Pannone recognizes 'need to get better'

Versatile lefty aims to lock down defined big league role in 2020

October 17th, 2019

As made an effort to evaluate the 2019 season and his individual performance level, the 25-year-old left-hander’s frustrations were evident.

Throughout the year, his role on the Blue Jays’ pitching staff varied in almost every way, Pannone was optioned to Triple-A Buffalo a grand total of six times, and the young hurler finished the season with a 6.16 ERA over 73 innings at the big league level. But through the literal ups and downs, he got a chance to learn about himself.

“I need to get better,” Pannone said. “I’m here and it’s nice, but I want to obviously do better than I did this season. It keeps me hungry to keep working and develop my skills. The Minor Leagues are about developing and all that, but there’s still room for development when you get here because you learn more when you get here.

“Now you’re playing with the best guys in the world and you’re trying to be one of those best guys in the world.”

Making the grades

Evaluating himself using a scouting report from the Major League Scouting Bureau and the 2 to 8 scouting scale, Pannone picked out some of the ways he can become one of those players. He notably projected higher future grades in every category but one, looking to decrease his level of aggressiveness.

“My aggressiveness is something that I’ve always battled with," Pannone said. “I’m very competitive and I struggle with being too wound up inside. Even though I might not show it physically, inside I’m thinking, ‘I need to go, I need to go,’ instead of taking my time and delivering the pitch. I always want to go. But this season has shown me that and it’s allowed me to get better at that.”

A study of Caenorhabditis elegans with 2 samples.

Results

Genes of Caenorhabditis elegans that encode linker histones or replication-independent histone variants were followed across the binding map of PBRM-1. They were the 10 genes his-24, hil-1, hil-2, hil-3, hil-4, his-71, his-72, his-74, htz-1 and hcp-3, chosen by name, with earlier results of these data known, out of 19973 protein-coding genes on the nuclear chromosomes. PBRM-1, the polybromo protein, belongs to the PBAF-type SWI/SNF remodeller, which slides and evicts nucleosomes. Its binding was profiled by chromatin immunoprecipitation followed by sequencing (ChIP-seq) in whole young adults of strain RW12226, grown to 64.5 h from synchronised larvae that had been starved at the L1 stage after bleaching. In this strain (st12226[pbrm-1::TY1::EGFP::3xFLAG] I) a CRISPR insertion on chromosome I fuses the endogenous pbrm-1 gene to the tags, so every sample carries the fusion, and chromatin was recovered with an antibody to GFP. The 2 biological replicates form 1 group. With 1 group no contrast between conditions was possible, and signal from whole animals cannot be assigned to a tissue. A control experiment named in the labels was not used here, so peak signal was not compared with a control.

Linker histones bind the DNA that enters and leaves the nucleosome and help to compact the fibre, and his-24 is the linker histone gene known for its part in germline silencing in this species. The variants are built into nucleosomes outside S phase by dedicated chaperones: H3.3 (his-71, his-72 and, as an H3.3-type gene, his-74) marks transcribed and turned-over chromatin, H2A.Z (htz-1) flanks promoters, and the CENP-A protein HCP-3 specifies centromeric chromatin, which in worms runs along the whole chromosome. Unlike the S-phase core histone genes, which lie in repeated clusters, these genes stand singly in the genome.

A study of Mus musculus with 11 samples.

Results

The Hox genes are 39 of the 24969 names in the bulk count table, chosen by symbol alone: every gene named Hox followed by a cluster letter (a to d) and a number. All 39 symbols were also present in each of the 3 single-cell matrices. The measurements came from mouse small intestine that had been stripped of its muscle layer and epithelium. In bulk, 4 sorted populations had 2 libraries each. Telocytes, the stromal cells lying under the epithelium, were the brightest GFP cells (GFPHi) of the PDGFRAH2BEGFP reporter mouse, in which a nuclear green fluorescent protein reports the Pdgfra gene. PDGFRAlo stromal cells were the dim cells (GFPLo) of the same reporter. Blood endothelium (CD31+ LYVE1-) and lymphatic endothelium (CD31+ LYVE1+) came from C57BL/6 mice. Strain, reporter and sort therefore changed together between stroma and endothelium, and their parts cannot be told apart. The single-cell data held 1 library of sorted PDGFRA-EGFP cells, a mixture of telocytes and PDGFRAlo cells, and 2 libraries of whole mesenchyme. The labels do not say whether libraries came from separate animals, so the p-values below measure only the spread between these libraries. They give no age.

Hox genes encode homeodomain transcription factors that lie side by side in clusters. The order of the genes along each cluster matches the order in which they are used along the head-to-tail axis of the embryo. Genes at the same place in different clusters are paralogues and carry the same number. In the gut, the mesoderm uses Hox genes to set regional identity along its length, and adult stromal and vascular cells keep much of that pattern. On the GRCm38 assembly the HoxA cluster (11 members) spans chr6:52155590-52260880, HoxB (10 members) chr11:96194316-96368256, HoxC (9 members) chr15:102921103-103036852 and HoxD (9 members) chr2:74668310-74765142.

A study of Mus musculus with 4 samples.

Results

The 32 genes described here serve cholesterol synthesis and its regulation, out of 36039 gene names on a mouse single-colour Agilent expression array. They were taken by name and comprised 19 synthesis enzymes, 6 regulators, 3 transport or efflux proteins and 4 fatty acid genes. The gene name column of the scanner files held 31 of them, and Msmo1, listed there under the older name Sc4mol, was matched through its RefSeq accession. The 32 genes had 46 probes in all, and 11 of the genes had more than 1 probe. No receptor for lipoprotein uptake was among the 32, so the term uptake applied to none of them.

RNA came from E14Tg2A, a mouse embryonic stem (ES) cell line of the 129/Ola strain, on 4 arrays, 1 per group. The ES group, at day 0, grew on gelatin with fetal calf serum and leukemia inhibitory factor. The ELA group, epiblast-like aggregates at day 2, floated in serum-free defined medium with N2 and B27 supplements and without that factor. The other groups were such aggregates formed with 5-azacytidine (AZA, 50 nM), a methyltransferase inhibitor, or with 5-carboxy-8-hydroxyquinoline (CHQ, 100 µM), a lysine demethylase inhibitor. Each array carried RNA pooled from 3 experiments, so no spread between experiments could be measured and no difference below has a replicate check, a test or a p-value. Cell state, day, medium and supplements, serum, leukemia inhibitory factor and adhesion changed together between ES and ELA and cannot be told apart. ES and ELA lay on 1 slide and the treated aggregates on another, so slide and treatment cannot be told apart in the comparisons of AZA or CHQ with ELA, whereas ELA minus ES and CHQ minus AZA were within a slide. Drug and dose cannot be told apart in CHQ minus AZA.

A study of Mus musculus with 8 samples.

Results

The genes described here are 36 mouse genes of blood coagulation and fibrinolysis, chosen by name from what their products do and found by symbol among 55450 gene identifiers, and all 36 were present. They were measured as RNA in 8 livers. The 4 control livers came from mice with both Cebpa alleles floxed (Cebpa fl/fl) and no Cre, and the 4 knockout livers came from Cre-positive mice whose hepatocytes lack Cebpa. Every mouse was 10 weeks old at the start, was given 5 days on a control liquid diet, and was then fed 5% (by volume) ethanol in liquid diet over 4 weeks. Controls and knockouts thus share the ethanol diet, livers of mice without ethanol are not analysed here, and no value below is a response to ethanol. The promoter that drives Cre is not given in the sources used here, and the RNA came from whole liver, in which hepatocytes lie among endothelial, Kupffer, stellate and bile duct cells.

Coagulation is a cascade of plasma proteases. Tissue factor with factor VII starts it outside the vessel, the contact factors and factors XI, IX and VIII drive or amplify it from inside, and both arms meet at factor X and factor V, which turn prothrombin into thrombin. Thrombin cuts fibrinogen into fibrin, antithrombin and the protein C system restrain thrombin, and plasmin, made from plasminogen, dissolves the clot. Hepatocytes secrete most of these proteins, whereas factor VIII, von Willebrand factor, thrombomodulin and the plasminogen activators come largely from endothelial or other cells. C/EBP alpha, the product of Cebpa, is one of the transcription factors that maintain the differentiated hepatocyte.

When that aggression gets the best of him, the result for Pannone is a loss of control.

“When I’m out of control, my pitches aren’t the same,” the southpaw said. “It’s really all about release point for me. When my release point’s on, my fastball plays a lot differently than when it’s off. It all stems from how fast my body’s moving.

“If my body’s getting ahead of my arm, then my arm’s behind me. When it’s behind me, it doesn’t come out the same way. I’m very flexible and mobile and I can get my body into a lot of weird positions and still throw a baseball, but it’s about being efficient.”

What the scouts say

One professional scout who saw the 6-foot-1, 200-pound Pannone noted the late tail on his fastball and his long, sweepy curveball from “a really tough angle that is very tough on left-handed hitters but also effective against righties.” The evaluator mentioned Pannone’s prowess in commanding the zone, and in his ability to expand it.

“He has a good feel for pitching, and would be an excellent bullpen addition,” the scout said. “He’s going to have movement, and when he learns to use his two-seam [fastball] he’ll get more sink. He’s a guy I like. He’s got a role as a lefty in the ‘pen and that’s very, very important.”

In Toronto’s rotation, Pannone posted a 11.31 ERA in 24 2/3 innings over seven starts with nine walks and 24 strikeouts. Out of the bullpen, the Rhode Island native went 3-1 with a 3.54 ERA over 48 1/3 frames in 30 appearances, with 22 walks and 45 strikeouts. At Triple-A Buffalo, Pannone had a 3.21 ERA over six starts and eight appearances, walking 15 and striking out 41 in 33 2/3 innings.

Beyond the numbers

“I’d like to have a defined role on the team,” Pannone said. “I’ve really liked coming out of the bullpen this season. I always liked being a starter, but I’ve been a little more comfortable coming in out of the bullpen. You have a little bit of a shorter task at hand rather than facing a whole lineup a couple times through, and you can … come out and kind of let it explode all at once.”

Pannone also believes there’s room to add velocity as a reliever, “because I know I can throw harder.” In grading his fastball movement, he also added, “I get a lot of swings on some, so it’s doing something right.

“I’ve got upside.”

And that upside extends further than what can be found on a traditional scouting report.

“Your internal attributes, your aggressiveness and your instincts, that’s stuff that nowadays computers can’t really show about a player,” Pannone said. “Even with that [option to grade those], I mean we can write a score for ourselves, but to truly get inside of an athlete’s head, when they’re out on the field, that’s the toughest thing for anyone to evaluate.”